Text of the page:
The dearth of investment opportunities seems to be continuing. This week's figures show that business investment fell in Q3, despite the strength of the wider economy. This continues the long-term downtrend in investment as a share of GDP. Business investment accounted for 8.5 per cent of GDP in Q3. In the late 90s, it was over 12 per cent*.
Granted, this trend decline is in part due to a fall in capital goods prices, which means that a given level of nominal spending buys a lot more stuff. However, it's not clear that this is much comfort. It just raises the question: why - even in the good times - did companies not take greater advantage of falling prices to expand or upgrade their capital stock?
There are two things that are worrying here. First, investment was weak even before the recession; the fall in the share of investment in GDP began in the early 00s.
Secondly, this recession has seen capital spending clobbered even more than in the last one. Yes, investment has risen 4.6 per cent in volume terms in the last 12 months, which is better than we saw at the same stage of the 1990s recovery. But this is largely because it fell more during the recession. The volume of business investment is now 17.6 per cent below what it was when GDP peaked. At the equivalent stage of the 1990s cycle - that is, four quarters into the GDP recovery - it was only 12.6 per cent down from what it was when GDP peaked.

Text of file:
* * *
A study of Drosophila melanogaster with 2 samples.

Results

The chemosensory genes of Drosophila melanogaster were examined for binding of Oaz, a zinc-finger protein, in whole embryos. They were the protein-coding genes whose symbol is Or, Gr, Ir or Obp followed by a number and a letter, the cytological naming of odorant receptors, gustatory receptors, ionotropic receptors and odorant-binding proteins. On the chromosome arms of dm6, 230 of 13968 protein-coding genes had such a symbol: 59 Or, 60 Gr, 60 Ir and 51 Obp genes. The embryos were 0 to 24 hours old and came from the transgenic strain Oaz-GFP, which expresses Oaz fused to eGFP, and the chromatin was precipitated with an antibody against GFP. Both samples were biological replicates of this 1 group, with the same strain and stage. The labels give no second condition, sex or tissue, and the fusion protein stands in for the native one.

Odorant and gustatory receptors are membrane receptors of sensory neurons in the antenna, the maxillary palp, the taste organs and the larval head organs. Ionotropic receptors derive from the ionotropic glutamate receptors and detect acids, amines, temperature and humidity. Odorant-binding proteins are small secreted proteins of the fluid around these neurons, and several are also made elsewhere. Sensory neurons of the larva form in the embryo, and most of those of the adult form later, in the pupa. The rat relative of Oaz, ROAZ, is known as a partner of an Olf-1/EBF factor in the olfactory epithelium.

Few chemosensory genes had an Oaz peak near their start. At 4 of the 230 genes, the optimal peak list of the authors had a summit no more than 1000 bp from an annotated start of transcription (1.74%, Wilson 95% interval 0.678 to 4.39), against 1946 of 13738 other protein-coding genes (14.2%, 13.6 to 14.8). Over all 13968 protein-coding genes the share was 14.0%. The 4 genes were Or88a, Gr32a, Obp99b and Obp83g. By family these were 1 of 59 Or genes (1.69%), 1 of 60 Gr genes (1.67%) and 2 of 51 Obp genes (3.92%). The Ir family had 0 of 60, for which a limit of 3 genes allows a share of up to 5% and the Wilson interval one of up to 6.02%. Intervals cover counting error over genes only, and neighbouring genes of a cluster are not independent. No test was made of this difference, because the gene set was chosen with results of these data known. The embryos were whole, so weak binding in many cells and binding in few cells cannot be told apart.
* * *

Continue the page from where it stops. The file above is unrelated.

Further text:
This is alarming because the 1990s recession was due largely to an over-accumulation of capital - firms borrowed heavily in the 1980s boom whereas they hoarded cash in the 00s boom. This should have caused a bigger fall in investment in the 90s than we've had this time.
The fact that the opposite is the case is, therefore, troubling - especially as profits are reasonably high now, firms have been retaining cash and banks' lending criteria seem to have loosened a little.
All this is consistent with (though not proof of) a grim prognosis - that firms simply lack investment opportunities.
This in turn augurs very badly for growth. With the government cutting spending next year, and households likely to suffer a squeeze on disposable incomes, other sources of aggregate demand will be weak. So if investment doesn't grow, it's not obvious that the economy will.
* There was a spike in reported spending in 2005Q2, but this was because of a quirk in the statistical treatment of investment by British Nuclear Fuels Ltd.